1:15 pm Jun. 4, 2012
Puppetry might seem like a marginal form, but both War Horse and Avenue Q were buoyed into mainstream theater by popular acclaim from smart, edgy audiences.
At Labapalooza!, this weekend's Puppet Lab showcase, based in St. Ann’s Warehouse, there was a similar sense of the art form's sophistication and maturity: no prank phone calls, no kids' stuff. In some cases, there were no objects that you could call puppets at all.
Instead, the eight shows presented featured experienced puppeteers and first-timers alike pushing the limits of puppet- and object-based performance. Labapalooza! is the annual capstone on a nine-month workshop where puppeteers and other theater artists hone their construction techniques and stagecraft. The resulting pieces this year ran through atmospheric, funny, and sinister themes, and included everything from miniature dioramas to elaborate creatures to balloon-filled plastic bags to a fighting uterus. While they utilized different mechanisms, the pieces all relied on action from the performers to mobilize them, whether manipulating body parts and faces or opening doors on miniature sets.
“The festival is a lot of fun but its kind of secondary to the process that happens for the whole nine to 10 months,” said lab director Matt Acheson. That process helped creators to continue and perfect works in progress, from perfecting a cartoonish brain puppet to completing an urban fable set in the East Village in the '80s. The artists, mostly from Brooklyn with a few outliers from the other boroughs, were selected from an application process that asked participants explain why puppetry is essential to their work and commit to the entire process of the lab.
Acheson said he is a 15-year veteran of puppetry, and most recently designed a model of Anne Frank for the 2011 theater adaptation of Compulson. He said one of the attractions of puppetry was the “super low-tech” and D.I.Y. mentality that the form embraces, bringing balance to a slick, overly produced world. Perhaps that's why puppets seem to come in and out of fashion.
“It’s funny how the spotlight shines on them and pulls away and shines on them again,” Acheson said. He wasn't sure if it was the art form's unique assets or a form of nostalgia that explained the cycle.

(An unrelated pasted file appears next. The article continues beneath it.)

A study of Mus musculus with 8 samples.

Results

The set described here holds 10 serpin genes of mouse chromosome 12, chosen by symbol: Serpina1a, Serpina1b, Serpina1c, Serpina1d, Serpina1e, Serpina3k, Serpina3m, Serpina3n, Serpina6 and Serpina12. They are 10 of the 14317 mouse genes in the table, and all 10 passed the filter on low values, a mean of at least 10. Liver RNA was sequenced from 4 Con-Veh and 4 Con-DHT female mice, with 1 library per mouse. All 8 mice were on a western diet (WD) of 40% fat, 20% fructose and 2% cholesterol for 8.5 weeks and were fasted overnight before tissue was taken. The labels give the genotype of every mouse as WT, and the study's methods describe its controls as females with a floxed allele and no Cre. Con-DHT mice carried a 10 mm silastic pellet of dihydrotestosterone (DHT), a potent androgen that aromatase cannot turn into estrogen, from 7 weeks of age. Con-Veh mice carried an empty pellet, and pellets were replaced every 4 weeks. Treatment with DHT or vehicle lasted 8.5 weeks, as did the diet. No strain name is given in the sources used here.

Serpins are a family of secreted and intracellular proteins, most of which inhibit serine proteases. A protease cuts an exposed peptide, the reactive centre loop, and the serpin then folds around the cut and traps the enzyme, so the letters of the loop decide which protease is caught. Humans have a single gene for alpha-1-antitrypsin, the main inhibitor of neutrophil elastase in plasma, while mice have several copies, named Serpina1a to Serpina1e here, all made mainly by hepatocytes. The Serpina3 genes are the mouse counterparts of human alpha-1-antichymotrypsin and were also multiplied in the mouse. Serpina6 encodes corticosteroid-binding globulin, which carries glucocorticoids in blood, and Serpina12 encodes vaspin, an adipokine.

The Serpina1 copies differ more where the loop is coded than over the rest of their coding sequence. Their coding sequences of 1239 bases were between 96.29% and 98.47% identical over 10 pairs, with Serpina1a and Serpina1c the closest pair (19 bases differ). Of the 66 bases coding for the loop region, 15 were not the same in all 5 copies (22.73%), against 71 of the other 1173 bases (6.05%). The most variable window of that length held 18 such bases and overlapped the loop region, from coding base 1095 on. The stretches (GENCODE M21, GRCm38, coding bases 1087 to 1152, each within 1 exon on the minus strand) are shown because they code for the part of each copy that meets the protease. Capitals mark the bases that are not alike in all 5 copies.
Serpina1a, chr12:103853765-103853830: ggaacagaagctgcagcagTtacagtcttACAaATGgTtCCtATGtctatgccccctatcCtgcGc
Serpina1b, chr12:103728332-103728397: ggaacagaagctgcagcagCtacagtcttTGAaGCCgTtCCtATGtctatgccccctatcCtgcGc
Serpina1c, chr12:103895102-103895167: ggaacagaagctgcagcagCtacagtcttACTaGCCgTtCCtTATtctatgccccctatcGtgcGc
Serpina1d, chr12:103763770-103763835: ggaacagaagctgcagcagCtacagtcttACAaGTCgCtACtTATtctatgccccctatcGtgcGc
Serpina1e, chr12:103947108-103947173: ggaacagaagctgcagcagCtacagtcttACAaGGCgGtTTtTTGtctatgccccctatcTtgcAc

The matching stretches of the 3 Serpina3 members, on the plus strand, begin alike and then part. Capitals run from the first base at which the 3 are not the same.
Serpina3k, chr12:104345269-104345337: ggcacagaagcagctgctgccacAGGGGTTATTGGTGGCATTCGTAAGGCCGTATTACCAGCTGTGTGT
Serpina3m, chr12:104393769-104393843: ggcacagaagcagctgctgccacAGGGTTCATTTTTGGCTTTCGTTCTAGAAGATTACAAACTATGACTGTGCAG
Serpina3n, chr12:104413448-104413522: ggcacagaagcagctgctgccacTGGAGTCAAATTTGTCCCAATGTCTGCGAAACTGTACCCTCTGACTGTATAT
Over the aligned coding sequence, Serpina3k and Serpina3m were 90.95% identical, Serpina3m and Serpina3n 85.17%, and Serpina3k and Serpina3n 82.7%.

“But I think what’s really effective about it—and what people might not expect from puppetry—is how effective it is in an adult imagination, and how it can kind of, for some people, retrigger a whole loop of imagination that we all had when we were children. The puppet work can be very sophisticated, very moving, and also very raunchy and very funny, all at the same time.”
Acheson said there’s a growing puppetry community of fans and practitioners in New York, and that St. Ann’s Warehouse is one of several local institutions that help with puppets. Others are La Mama and the Here Arts Center.
“If you have an interest in anything there’s a club and there’s a group of people that are doing it as well ... it’s been bringing more and more puppet artists to New York and I don’t exactly know why, but it’s been pretty great,” Acheson said.
The puppet show was one of the last shows St. Ann’s will host before the building is redeveloped into a high-rise and the theater moves down Jay Street to a new location. (Earlier last month, St. Ann’s hosted a final gala for the space with some attendees hitting piñatas shaped like the building itself.)
“As soon as the puppet lab comes down on Sunday night, Monday morning the demolition teams come in and start taking the theater apart at the same time everybody at St. Ann’s is moving into the [new] space.”
Over the next few years, the nearby Tobacco Warehouse, now a shell, will be renovated for a future performance space.
But the sounds of set construction still filled St. Ann's late last week as finishing touches were being put on the show and musicians were doing their final rehearsals. I spoke to several of the directors about their inspiration.
Emma Watson's The Radium Play, inspired by Siddhartha Mukherjee’s The Emperor of all Maladies, involved a scientist who invents a time machine to find and bring to the present day a radium-sickened woman from the past. For Watson, 24, a first time director, the play ushered in a lot of responsibility.
“It’s a push off a cliff, and I think inherently I kind of knew that,” she said. Watson went on to explain that she’s long been interested in the medical world as viewed through theater.
“I read this story and thought glowing women and watch factories and all these things were cool images and interesting for puppetry, but I also, as I started researching, realized that a lot of artists sort of find that story in particular and make, like, really bad historical fiction and poetry about it.”
Another director, Elizabeth Ostler, 35, based her segment, The Yellow Wallpaper (pictured at top), on the Charlotte Perkins Gilman Victorian-era proto-feminist story of the same name. Using mat board, she recreated a diorama with illustrated, 3-foot tall paper dolls and depicting the small room where the main character slowly goes insane.
For Ostler, the flatness of the characters was instrumental in bringing out the feminist message.
“She’s a two-dimensional character in a two dimensional world, but she knows in her heart that she’s three dimensional,” she said.
Ostler said the visual medium was a perfect, if challenging, way to extend the themes of the book and get away from the hokeyness of live actors.
“First and foremost I’m a director and a storyteller," she said, "so it’s finding the right tools to tell that story, and not every story should be told with puppets. But then there are some stories that need to be told with puppets.”